Executives are discussing India a lot more than they used to these days. With China’s potential slowdown and India’s new growth numbers, it’s clear that the latter will become the fastest growing emerging economy in the next few years, gaining a larger share in multinationals’ emerging markets portfolios. 


GDP growth over the next five years will remain consumption driven, with investment increasing only gradually. The center is expected to carry out small, sector-specific reforms, leaving the critical measures, like easing land acquisition, to the states.

Despite this, an annual growth rate of 7.75 percent is quite a feat, so it’s important to take a deeper dive into the numbers. India’s Central Statistics Office (CSO) recently changed its GDP series. The new series was the subject of many discussions among economists, statisticians and government officials. India’s growth rate had seen a sudden rise, putting it at numbers comparable to China, but things on the ground did not “match” a 7.3 percent growth rate.

The revision was twofold. First, the CSO changed the base year from 2004-2005 to 2011-2012. Base year changes are commonplace, and countries frequently undergo a rebasing to reflect structural changes in the economy. India rebases its GDP about once every five years.

The second change was more interesting; the CSO revised the method of GDP calculation. Notable modifications included adopting the recommendations of the System of National Accounts 2008 (SNA 2008) to bring figures in line with international standards. New data from the population census of 2011 and the National Sample Survey (NSS) sixty-eighth round on employment, unemployment and consumer expenditure (2011-12) was also included, among other surveys.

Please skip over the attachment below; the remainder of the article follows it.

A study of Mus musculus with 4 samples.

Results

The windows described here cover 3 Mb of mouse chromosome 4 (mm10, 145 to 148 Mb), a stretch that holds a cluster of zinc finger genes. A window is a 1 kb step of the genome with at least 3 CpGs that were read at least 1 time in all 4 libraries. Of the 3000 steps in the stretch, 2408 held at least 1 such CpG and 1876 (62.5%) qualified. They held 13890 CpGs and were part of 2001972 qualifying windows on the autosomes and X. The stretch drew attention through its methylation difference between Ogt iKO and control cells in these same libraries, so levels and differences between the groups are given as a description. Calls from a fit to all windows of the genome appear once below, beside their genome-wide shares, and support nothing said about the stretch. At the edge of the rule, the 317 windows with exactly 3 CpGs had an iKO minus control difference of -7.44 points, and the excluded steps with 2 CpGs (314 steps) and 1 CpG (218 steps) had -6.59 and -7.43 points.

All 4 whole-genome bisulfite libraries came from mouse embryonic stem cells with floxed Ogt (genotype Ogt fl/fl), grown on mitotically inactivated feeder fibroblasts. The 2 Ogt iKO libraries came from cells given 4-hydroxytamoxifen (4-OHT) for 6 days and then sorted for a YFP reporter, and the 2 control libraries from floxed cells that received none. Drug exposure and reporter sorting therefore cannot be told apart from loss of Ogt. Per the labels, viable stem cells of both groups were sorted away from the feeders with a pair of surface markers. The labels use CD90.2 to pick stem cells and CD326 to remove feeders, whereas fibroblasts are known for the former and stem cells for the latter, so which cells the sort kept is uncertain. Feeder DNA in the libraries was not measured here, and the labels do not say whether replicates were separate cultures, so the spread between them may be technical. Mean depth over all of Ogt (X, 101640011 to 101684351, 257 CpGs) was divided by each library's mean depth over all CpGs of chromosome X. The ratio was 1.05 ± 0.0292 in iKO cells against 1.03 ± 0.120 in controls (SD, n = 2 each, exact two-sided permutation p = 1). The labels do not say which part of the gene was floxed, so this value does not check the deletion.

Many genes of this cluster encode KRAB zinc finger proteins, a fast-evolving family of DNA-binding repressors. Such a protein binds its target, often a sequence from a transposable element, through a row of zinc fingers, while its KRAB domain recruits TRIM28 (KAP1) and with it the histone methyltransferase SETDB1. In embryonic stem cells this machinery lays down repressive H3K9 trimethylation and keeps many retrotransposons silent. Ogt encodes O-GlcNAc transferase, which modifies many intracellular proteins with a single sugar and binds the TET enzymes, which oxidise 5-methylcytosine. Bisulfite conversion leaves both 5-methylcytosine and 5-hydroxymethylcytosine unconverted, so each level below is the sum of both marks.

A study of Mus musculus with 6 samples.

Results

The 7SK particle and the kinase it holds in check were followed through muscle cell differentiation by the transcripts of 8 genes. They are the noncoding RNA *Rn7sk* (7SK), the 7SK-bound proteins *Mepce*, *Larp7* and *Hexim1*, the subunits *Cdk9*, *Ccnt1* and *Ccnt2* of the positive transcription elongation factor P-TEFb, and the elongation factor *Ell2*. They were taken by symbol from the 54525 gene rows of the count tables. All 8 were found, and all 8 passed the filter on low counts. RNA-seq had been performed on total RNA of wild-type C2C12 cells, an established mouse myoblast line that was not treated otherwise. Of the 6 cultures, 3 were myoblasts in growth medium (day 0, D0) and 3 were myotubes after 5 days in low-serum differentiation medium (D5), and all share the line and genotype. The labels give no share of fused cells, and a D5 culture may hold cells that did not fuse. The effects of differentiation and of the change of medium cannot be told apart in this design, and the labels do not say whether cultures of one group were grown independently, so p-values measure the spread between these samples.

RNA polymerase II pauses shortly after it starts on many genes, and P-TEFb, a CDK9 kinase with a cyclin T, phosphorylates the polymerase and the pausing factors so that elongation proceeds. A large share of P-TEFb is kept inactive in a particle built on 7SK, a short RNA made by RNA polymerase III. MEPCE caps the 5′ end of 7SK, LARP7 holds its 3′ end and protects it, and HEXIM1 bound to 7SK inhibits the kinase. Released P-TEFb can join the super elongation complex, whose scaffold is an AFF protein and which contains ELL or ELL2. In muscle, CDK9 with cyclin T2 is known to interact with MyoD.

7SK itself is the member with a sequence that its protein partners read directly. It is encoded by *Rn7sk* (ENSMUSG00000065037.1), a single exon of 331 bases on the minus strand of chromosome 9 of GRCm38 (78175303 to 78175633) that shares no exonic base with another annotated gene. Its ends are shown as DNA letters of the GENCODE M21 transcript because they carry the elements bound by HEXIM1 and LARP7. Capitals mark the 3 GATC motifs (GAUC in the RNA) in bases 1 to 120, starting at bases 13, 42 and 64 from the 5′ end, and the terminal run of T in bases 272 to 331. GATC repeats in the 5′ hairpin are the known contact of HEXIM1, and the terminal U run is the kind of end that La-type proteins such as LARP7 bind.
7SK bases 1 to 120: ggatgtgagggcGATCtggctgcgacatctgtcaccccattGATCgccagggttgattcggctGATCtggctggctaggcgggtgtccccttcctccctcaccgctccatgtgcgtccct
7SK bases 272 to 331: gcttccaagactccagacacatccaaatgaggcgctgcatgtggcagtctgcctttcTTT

As in the old series, due to lack of annual surveys, output in the unorganized,or informal, manufacturing and services sectors is calculated using the Labor Input (LI) method, which uses a benchmark-indicator process and then calculates output as the estimated labor input times the value added per worker. In the new series, an Effective Labor Input (ELI) method is used. This method distinguishes workers on productivity by assigning weights to different categories of workers, changing overall output contributed by these sectors.

The CSO also improved its coverage of the corporate sector, using data from the Ministry of Corporate Affairs’ new initiative, MCA21, and increased coverage of the financial sector. Another notable change includes the classification of activities according to the National Industrial Classification (NIC) 2008. Most importantly, calculation of output has shifted to Gross Value Added (GVA) at basic prices from GVA at factor costs in the old series, and GDP is calculated at market prices by adding product taxes and reducing subsidies from GVA at basic prices.


Despite clarifying that the two series are not comparable, the CSO has come under criticism for not updating historical numbers with the new methodology. Additionally, a sharp rise in GDP in 2013 and 2014 has raised doubts over accuracy, especially since 2013 was a tough year for the Indian economy.

It can be hard to distinguish which method is more appropriate, but the ease of international comparison has tilted the scales in favor of the new series, at least temporarily.